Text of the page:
In a country where political divides and conflicting beliefs polarize the population, we require a national identity that interconnects the 326 million of us and reminds us that, in our core, we are more than a simple, bulleted list of traits– we are human.
Fortunately, such an identity exists, and it is forged by our natural appeal for finding solutions, seeking improvements, and questioning boundaries; it is forged by curiosity– the same desire that first pointed us, as well as those before us, to look to the stars and beyond.
The year is 1941, and over a hundred thousand citizens are marching on DC to protest the racial discrimination and hiring bias African Americans currently face, pressuring President Roosevelt into issuing Executive Order 8802– an enactment preventing discrimination in federal and war-related work. Three pioneering women, known as “black computers”, seize this opportunity and become the political and scientific icons we now admire: Katherine Johnson, Dorothy Vaughan, and Mary Jackson. Their journey as mathematicians at the Langley research laboratory under NASA is not without its bumps and crashes, with racism and sexism still both visibly apparent in the workplace, but with the Space Race and scientific achievement more compelling focuses, the Langley community surmounts its internal divisions and tastes the success of its inclusion when these women’s calculations send a man into orbit in 1962.
These courageous women, originally scorned as “inferior”, proved that anyone, regardless of their color, gender, religion, and so on, could change the world for the better and were able to orient their team’s goals towards furthering astronomical research instead of towards questioning whether melanin and a skirt signified inability. Their dedication to science helped them assimilate right into the NASA environment, and soon, everyone recognized them as one of their own– curious individuals looking towards the stars. Katherine Johnson once passionately said,” I was just excited to have challenging and smart people to work with”, teaching us all that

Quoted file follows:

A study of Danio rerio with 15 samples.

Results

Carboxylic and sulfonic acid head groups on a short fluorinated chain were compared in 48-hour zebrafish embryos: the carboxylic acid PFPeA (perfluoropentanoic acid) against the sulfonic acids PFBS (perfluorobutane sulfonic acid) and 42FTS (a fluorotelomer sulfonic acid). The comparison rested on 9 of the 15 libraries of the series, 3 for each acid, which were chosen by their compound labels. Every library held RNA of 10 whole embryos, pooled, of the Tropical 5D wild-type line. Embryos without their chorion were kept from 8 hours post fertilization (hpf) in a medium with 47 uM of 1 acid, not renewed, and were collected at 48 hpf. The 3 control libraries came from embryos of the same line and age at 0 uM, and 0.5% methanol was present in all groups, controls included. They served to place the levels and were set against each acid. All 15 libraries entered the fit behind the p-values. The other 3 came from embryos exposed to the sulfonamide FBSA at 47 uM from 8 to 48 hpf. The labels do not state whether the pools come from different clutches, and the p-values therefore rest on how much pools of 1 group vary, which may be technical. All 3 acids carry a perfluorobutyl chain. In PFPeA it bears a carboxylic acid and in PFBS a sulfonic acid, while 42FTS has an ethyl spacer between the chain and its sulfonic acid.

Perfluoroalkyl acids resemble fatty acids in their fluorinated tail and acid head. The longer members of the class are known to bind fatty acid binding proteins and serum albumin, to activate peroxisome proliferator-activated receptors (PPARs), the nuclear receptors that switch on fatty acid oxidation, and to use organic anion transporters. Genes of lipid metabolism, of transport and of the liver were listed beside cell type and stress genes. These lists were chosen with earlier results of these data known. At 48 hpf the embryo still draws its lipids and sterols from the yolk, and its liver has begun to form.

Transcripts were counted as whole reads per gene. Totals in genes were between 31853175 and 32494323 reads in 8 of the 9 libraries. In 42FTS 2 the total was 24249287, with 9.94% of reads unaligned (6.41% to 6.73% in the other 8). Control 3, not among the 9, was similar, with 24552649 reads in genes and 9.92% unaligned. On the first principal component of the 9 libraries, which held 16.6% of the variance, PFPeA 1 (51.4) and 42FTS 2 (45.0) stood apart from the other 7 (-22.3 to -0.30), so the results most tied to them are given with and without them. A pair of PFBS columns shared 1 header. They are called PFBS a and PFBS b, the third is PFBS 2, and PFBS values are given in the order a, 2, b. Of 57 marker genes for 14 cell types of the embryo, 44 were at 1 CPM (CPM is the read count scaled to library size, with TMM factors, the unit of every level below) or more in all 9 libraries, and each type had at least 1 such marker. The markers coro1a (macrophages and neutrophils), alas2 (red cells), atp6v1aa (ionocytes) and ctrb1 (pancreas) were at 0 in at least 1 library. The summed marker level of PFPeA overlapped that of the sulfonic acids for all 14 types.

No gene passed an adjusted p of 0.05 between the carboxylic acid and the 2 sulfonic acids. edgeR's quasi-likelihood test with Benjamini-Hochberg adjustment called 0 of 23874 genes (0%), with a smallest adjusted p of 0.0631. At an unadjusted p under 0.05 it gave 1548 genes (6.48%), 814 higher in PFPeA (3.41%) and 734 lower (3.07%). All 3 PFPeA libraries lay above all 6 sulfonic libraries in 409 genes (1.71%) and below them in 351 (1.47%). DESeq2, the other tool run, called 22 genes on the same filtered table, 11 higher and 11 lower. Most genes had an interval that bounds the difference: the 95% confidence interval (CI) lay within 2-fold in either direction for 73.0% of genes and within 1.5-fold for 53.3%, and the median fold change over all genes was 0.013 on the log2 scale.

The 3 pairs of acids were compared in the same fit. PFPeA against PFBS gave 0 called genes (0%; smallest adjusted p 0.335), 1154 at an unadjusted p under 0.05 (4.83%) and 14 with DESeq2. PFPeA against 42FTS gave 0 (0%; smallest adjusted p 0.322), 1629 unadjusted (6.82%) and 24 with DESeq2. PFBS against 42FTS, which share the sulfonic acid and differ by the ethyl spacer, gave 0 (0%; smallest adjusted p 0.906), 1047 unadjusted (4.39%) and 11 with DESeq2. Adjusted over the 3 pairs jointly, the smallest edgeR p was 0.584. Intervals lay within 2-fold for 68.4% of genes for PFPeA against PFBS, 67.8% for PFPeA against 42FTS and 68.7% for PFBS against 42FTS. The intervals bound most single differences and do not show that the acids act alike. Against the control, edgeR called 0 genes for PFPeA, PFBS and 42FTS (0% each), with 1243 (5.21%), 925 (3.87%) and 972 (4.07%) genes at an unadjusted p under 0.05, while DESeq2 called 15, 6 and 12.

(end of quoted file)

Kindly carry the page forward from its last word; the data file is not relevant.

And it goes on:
we must not let our differences become barriers and instead, look towards improving society and building solidarity with those around us.
The United States currently harbors over 310 distinct religions, 360 languages, and a plethora of unique identities– if everyone put up barricades to emphasize these distinctions, we would all be living in individual, stone-cold enclosures, unable to collectively generate solutions and overcome struggles. Johnson, Vaughan, and Jackson were women indifferent to these distinctions, focusing only on what indulged their curiosity– science. If we, as diverse members of our nation, take a page from their book and looked beyond our differences, we too can advance our country, strengthen communities, and grasp the mighty stars.